Published in Sci-Fi

Gloom Trench - British Empire

In an alternate 1926, the British Empire's use of devastating RAM weapons ignites global conflict, unleashing horrors from the fabric of reality itself.

By Fickle Dice Games

By AD 1926, the British Empire wages war across the globe.

On the Western Front, the war between Great Britain and Germany has escalated to a horrific level. Not only are the Germans now equipped with new and deadly laser weaponry, but the British continue to exploit their recent breakthroughs in RAM technology.

Named after the scientists Rutherford and Moseley, this technology allows RAM weapons to focus energy in a destructive beam. Whilst these weapons are extremely effective, they are not without drawbacks. Each discharge from a RAM weapon—be it a beam projected by a firearm or a burst from a bomb or shell—weakens the fabric of reality. Whilst the erosion of that fabric is minute, prolonged exposure to RAM emissions eventually leads to a tear. It is through these tears that the Scourge make their sorties.

Demonic and hungry for flesh, the Scourge are an indefatigable enemy. They are also ferocious and very, very durable. An incursion by even a lone Scourge warrior is enough to make some units route, and raids mounted by multiple Scourge are the stuff of nightmares.

But this is not the only side-effect of RAM technology. A thick, freezing fog emanates from the tears they create. All that are exposed to the fog enter varying states of acute melancholia, suicidal depression or homicidal mania. Britain’s continual use of RAM weaponry has led to swathes of Europe and Russia being consumed by this so-called Fog of War. The fog is so all-consuming on the Western Front, for instance, that the French have been forced to abandon their homeland and flee to their colonies in Africa.

And yet the British continue to exploit their RAM weapons. Whilst some maintain this perseverance is born of either arrogance or sheer disregard for human life, others are wise to the fact the British are now fighting in many theatres. Not only does it remain locked in battle with the German Empire on the Western front, but its armies—ably supported by its navy and neophyte air force—also campaign in Russia and America.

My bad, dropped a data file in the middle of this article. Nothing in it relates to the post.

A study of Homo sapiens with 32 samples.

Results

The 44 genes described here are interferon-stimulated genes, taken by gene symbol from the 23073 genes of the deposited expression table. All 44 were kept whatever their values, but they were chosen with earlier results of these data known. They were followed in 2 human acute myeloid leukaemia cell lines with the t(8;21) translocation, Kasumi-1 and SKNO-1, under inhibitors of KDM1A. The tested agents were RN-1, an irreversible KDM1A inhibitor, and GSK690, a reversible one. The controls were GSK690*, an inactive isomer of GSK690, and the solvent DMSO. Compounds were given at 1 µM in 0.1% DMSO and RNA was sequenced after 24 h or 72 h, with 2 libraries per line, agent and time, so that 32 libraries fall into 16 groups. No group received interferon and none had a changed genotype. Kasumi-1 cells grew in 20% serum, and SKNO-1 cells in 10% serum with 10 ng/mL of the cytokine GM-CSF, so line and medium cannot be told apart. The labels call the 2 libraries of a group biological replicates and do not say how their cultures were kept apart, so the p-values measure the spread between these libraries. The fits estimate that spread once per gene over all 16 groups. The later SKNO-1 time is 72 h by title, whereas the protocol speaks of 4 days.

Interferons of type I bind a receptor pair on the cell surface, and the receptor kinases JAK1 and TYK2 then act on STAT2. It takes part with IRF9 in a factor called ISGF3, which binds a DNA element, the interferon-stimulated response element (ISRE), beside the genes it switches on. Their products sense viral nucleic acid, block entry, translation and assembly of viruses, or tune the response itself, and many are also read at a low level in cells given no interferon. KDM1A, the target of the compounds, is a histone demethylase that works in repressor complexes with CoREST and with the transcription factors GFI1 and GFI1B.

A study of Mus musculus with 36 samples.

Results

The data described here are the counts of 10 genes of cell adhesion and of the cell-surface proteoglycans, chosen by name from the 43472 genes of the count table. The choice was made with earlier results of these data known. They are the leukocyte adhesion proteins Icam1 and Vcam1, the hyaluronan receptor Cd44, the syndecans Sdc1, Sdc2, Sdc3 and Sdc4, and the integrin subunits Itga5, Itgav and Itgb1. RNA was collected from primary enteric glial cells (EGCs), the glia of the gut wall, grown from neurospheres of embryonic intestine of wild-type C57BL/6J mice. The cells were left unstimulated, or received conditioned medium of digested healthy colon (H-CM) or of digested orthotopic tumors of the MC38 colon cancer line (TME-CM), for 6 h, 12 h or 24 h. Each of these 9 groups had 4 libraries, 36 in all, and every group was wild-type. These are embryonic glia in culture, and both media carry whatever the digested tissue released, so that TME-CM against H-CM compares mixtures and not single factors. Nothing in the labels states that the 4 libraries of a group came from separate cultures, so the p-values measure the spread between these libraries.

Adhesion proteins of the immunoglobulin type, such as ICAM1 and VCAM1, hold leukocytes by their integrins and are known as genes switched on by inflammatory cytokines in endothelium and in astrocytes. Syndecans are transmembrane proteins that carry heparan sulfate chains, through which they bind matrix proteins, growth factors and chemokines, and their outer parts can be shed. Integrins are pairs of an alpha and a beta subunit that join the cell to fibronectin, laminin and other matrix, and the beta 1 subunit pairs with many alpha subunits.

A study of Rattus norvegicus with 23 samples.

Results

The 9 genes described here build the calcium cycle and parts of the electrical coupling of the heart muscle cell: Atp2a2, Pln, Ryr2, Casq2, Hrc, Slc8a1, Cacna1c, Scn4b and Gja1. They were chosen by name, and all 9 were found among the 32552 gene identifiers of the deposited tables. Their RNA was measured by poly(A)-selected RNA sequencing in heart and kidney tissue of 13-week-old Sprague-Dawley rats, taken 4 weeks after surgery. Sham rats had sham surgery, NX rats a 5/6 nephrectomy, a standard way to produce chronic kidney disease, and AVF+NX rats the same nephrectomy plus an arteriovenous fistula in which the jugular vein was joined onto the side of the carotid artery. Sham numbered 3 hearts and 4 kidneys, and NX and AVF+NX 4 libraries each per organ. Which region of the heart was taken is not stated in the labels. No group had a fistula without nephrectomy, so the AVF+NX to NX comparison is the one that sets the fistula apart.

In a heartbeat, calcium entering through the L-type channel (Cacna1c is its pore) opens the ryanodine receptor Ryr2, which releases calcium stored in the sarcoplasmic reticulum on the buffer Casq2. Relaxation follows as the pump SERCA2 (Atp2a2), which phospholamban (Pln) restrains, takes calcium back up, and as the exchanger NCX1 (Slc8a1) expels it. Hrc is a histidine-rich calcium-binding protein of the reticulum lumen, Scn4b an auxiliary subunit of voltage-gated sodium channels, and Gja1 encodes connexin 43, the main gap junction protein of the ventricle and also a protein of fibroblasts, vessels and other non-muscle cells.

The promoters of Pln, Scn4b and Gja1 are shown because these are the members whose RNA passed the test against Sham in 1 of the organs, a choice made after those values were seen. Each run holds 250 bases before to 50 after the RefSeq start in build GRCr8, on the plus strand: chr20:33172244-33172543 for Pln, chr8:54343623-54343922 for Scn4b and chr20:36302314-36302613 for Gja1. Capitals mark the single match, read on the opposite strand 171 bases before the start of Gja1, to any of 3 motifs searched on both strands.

Rejoining a battle they abandoned in 18th century, the British Empire has invaded the United States. The reasons for its invasion includes America’s demands that Britain should abandon RAM weaponry, U.S. advances in the field of laser technology and a suspicion that, in long term, the British Government and Monarchy may have to abandon the British Isles in the face of the spreading fog. With its Canadian, Indian and Australian subjects—all armed with RAM weaponry—fighting alongside British companies, the Empire has unleashed its full fury upon the United States. However, hopes for a swift and decisive victory have been dashed by determined resistance from America’s army and militias. Now the combatants find themselves embroiled in an all too familiar war of trenches and artillery barrages.

In Russia, the British Army—keen to ensure Germany is unable to invade and secure resources from a Russia destabilised by revolution—continues a labourious and protracted invasion. Although it has enjoyed success with its Rift weaponry, it is beset by multiple enemies. The revolutionary Bolshevik and royalist White armies are just as keen to expel the British invaders as they are to fight one another. Furthermore, the newly-established Motherland of Rus—led by the mystic Rasputin and his supernatural allies—also resist the British advance.

And so Britain wages its Great War. Alone but no less resolute, it means to win and will win by any means. If it is doomed to failure, however, it has vowed to take the rest of the world with it.